Could Megxit make Australia become a republic?

It was in Australia that Harry and Meghan first embarked on their first overseas tour.

Australia chosen as the destination to start a 16-day trip that introduced the couple to the Commonwealth. Those enjoying the summer surf today welcomed news of their Royal exit.

"I quite understand why they're doing what they're doing, but I just think they went about it the wrong way," voiced one Australian.

Another said: "I'm not really a big follower of the Royal family but I did catch this story and thought 'good on them'."

Australia was chosen as Harry and Meghan's first destination during their first overseas tour. Credit: PA

They came to Bondi to visit a mental health charity - it has trebled in size thanks to this support from the Sussexes.

"When we sat down there in that circle it really felt like their guard just dropped for a moment," said Charlotte Connell of OneWave, who was among those who met the Duke and Duchess.

"I think, kudos to them, well done for putting your family first and maybe taking a bit of a step back from those Royal duties to look after your own mental health and look after your family."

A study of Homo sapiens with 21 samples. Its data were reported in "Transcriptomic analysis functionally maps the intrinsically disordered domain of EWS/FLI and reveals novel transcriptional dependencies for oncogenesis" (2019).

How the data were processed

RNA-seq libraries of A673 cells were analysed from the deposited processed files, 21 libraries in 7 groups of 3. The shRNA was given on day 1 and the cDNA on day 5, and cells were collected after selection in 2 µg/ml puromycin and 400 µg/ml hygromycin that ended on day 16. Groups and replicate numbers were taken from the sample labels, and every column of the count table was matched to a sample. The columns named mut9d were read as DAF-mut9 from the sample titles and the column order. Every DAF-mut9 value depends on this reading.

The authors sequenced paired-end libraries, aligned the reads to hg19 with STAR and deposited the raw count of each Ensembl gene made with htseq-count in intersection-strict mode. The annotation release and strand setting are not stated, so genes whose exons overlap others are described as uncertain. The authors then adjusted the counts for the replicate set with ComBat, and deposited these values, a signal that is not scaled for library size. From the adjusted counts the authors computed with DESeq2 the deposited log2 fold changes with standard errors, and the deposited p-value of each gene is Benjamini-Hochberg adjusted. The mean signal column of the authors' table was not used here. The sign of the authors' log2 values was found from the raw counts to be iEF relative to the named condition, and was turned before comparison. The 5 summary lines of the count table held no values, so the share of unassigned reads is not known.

The couple's decision to rescind their Royal roles has sparked a fresh debate in Australia on whether to retain the monarchy.

In a 1999 referendum, 55% voted to keep the Queen.

Charlotte Connell of OneWave met the Duke and Duchess during their visit to Bondi Beach. Credit: ITV News

In the 20 years since that vote, opinions here have shifted and the polls now suggest that a majority of Australians are in favour of independence. So if this decision by Harry and Meghan were to prompt another poll on the monarchy, Republicans here are optimistic that this time, they would win.

Despite these Commonwealth charm offences, Republican sentiment here appears to have grown.

Views have changed in Australia since the 1999 referendum to keep the Queen. Credit: ITV News

Michelle Wood told ITV News' Debi Edward: "We've been hearing from Australians for a long time that the Australian Republican Movement that they want another vote, that we want a chance to have a go, that many people didn't mean - just like Brexit - to vote 'no' the first time around and they'd be ready and willing to give it another go and vote yes this time."

If last year was bumpy for the Royal Family, then 2020 looks set to be an even tougher ride.